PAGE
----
The Travel Trust Association (TTA) has written to members to reassure them they are trading legally following misleading reports in the trade press.
It emerged last week that the T-ATOL franchise agreement, which provides ATOL cover for 160 TTA members, was suspended in May. The agreement, established in 2004 between the Civil Aviation Authority (CAA) and the TTA, effectively recognises that members already financially protect the dynamic packages they sell through the group’s trust accounts.
As a result of media reports claiming the agreement was unlawful, TTA operations director Gary Lewis told all members in a letter: “TTA members who hold a T-ATOL licence have not traded illegally…[and]…do not need to remove their ATOL logo and do not need to change how they are trading with their customers.”
Discussions began in January this year with the CAA over a problem with the way the franchise agreement had been re-drafted last year following the new ATOL Protection Contribution (APC). In May, the TTA and the CAA agreed to mutually terminate the 2008 agreement and a holding agreement was put in a place, pending a new detailed draft.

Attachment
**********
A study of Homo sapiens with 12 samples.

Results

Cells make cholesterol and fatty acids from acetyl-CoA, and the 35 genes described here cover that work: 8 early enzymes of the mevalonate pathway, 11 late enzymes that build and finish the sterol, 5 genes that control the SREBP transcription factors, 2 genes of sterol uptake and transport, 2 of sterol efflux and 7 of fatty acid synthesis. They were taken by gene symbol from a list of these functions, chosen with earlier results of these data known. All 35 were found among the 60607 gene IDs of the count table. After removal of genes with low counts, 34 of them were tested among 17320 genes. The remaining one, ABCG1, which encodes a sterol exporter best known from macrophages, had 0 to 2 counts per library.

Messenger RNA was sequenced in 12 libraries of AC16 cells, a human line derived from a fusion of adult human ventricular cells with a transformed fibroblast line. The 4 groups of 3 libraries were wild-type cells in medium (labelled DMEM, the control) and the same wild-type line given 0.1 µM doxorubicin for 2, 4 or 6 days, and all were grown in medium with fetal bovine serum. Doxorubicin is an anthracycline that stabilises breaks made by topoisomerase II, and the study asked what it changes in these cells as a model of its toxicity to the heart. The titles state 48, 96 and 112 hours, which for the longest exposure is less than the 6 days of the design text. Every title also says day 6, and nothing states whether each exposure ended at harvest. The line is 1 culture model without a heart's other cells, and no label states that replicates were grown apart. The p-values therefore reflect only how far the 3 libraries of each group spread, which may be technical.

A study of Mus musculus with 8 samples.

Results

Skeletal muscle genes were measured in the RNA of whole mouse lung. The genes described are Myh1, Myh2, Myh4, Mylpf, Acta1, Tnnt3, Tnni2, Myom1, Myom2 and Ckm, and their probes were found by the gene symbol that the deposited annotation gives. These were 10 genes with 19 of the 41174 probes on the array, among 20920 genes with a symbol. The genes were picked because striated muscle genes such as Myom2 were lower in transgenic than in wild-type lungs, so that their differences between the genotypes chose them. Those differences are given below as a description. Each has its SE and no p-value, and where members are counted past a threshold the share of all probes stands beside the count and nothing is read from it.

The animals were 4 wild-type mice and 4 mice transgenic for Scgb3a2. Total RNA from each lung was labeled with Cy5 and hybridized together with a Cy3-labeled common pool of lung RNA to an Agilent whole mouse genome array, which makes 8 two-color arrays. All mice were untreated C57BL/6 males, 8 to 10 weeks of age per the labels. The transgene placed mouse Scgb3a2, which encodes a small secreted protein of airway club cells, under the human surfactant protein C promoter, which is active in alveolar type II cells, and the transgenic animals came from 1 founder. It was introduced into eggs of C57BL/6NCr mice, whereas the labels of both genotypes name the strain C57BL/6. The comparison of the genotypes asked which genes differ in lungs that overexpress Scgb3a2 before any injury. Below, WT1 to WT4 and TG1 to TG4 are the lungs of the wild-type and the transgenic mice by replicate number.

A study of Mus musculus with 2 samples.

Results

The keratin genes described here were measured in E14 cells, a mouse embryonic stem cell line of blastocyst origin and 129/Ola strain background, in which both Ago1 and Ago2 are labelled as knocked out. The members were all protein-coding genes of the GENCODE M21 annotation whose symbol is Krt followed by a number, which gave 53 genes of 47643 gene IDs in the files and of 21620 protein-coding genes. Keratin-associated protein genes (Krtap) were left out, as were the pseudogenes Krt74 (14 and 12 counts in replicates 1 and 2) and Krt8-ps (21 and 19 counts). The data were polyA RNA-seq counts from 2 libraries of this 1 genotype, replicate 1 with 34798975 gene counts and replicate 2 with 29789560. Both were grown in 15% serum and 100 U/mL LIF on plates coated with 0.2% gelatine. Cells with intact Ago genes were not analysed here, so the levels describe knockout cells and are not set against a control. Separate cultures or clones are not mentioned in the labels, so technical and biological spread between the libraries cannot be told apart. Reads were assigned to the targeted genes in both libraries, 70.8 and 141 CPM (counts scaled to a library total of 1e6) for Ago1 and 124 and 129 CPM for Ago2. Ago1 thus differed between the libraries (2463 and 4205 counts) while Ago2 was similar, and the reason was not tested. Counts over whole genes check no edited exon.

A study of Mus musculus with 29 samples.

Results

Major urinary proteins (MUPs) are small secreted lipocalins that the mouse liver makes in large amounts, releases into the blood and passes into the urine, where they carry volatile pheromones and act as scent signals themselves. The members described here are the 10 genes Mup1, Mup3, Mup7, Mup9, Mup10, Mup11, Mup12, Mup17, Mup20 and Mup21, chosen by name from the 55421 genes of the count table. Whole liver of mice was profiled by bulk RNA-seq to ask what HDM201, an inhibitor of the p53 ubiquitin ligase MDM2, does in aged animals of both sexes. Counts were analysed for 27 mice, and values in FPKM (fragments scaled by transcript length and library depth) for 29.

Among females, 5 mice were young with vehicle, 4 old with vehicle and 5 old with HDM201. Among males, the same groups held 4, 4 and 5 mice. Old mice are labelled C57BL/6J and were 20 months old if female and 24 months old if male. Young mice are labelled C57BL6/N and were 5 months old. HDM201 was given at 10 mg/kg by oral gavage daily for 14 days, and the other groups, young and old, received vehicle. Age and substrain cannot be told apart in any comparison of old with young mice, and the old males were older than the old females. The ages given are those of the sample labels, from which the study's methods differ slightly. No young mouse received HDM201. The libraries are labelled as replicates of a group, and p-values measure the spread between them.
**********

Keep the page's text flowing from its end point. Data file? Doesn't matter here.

“This change in agreement does not affect any TTA members holding a T-ATOL licence. There is no operational impact on any part of a TTA member’s business today,” added Lewis in the letter. “A T-ATOL tells your customers you are allowed to dynamically package flight product. Your customers have 100% financial protection.”
Lewis told Travel Weekly a new agreement would be signed imminently and confirmed it was “business as usual” until then. TTA members who renewed in September this year had their licences renewed, and there will be no change for those renewing in March next year.
News of the suspended agreement emerged during the court case in which Travel Republic and director Kane Pirie are standing trial for breach of the ATOL regulations.